Department of Justice Inspector General Michael Horowitz has given us his report on the Foreign Intelligence Surveillance Act (FISA) warrant authorizing the surveillance of Trump campaign aide Carter Page. The report suggests the warrant legal. Perhaps that’s all we can expect from an inspector general with a narrow mandate, but it doesn’t make Page’s surveillance right.
The report did identify questionable judgment and a number of mistakes made during the process of applying for the warrant. The principal failing highlighted by the report was the alteration of an email, used in one of the FISA renewal applications, by an attorney then employed by the FBI.
Other instances of poor judgment and lack of attention to detail include failings in disclosures and corroboration in the application itself. Shortcomings found in the review process for approval before submission to the Foreign Intelligence Surveillance Court (FISC) are a shocking departure from past practice.
The use of FISA against a U.S. citizen presents an even more fundamental problem. In 1978, reforms in response to the Church Committee’s revelations gave us the Foreign Intelligence Surveillance Act (FISA) with its creation, the Foreign Intelligence Surveillance Court (FISC). Former federal Judge William H. Webster, who became the FBI director that same year, set the gold standard for the use and implementation of FISA. In those first years, it was used solely to gather intelligence on foreign agents residing in this country. (RELATED: Carter Page: John Dean Hearing Showed Democrats In Full Cover-Up Mode)
In addition to the arduously detailed preparation of the FISA application by the case agents, Webster had a team of law clerks painstaking review each application. The original act mandated that each application be signed by the FBI Director and the Attorney General. That has since changed and the final sign-off authority, before presentation to the FISC, has been extended to an ever increasing number of officials.
The original thinking was that if an American was suspected of being an agent of a foreign power, the proper way to pursue that individual would be via the espionage act, a criminal statute. That would preclude the use of a FISA warrant against the U.S. person. The criminal code (title III) would then be the basis for any necessary electronic surveillance (“Elsur”). This requires a higher probable cause standard than FISA, as the information gathered would be evidence that could be used in court.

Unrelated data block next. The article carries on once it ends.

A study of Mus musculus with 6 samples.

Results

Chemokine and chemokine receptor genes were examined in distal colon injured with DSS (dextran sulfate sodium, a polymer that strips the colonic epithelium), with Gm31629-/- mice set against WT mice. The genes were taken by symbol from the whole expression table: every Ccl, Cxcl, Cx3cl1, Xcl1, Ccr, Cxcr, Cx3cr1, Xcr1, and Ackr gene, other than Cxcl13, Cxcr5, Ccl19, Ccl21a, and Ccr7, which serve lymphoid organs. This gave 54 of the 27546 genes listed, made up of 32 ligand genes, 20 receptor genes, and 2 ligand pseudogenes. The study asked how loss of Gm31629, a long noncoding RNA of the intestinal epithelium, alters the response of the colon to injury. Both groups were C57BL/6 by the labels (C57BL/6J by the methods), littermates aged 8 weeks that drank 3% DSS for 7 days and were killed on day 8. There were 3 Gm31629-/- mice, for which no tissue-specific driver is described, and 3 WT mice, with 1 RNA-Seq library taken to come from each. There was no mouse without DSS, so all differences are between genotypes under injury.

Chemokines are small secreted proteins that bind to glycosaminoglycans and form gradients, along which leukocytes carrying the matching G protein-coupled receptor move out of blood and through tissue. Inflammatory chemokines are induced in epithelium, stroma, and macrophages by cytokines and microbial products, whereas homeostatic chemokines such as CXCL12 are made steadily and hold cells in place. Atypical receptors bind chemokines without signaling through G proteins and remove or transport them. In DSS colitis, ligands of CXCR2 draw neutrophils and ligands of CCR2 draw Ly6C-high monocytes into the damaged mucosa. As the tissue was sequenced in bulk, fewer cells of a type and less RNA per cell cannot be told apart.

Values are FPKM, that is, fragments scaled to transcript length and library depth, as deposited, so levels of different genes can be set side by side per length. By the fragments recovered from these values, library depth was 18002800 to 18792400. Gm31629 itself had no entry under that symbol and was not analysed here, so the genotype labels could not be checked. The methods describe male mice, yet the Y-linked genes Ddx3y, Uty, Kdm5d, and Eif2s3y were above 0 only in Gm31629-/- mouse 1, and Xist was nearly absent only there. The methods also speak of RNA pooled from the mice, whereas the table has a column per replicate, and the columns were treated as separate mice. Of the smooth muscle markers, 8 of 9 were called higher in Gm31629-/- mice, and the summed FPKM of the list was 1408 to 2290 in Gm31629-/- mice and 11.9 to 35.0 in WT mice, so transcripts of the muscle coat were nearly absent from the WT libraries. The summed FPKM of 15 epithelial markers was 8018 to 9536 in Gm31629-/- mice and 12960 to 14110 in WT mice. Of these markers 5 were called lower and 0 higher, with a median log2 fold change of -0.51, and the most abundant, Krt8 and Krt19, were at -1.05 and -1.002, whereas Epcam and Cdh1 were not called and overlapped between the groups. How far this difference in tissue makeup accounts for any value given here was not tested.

The reach and number of FISA warrants has expanded over the years. The FISC reports only 200 warrants in 1979, its first full year of operation. By 2000, the number had gradually risen to 1,000. In reaction to the 9/11 attacks, there was a tremendous increase in the number FISA warrants — totaling more than 2,000 annually — and a looser approach to their approval.
The coverage of a FISA warrant has expanded as well. At first, what is commonly understood as “wiretapping” is what was authorized. In recent years, the coverage has expanded to include electronic communications such as texts, emails, instant messaging and voice communications.
Additionally, FISA can authorize physical entry and searches. The nature of today’s data communications means that FISA surveillance can look “back” at older data remaining on servers or in storage facilities.
Over the years, and particularly since 9/11, FISA has been amended numerous times, and now allows for the surveillance of Americans. But there are safeguards. One is the requirement that the government show the court that less intrusive techniques can’t produce the desired information.
As Page had earlier cooperated with the FBI, clearly this safeguard was fudged. Prior to spying on Page, it was bureau practice to use FISA coverage only on Americans who had a security clearance, possessed national security information, and had shown a willingness to share information with a foreign power.
Page did not even hold a security clearance. His rights were abused. The IG said that this was legal. However, it was not right.
We can expect Attorney General William Barr and FBI Director Christopher Wray to address the internal shortcomings in the FISA application drafting and approval process identified by the Horowitz report. More fundamental is the need to return FISA to its original objective of surveilling foreign agents for intelligence purposes.
Amending FISA to restrict, or stringently limit, the targeting of Americans is something Congress should take up.
Tom Baker (@BakeAssociates) served as an FBI special agent for 33 years. He served as the legal attaché at the American Embassy in Canberra, Australia, and in Paris, France.
The views and opinions expressed in this commentary are those of the author and do not reflect the official position of The Daily Caller.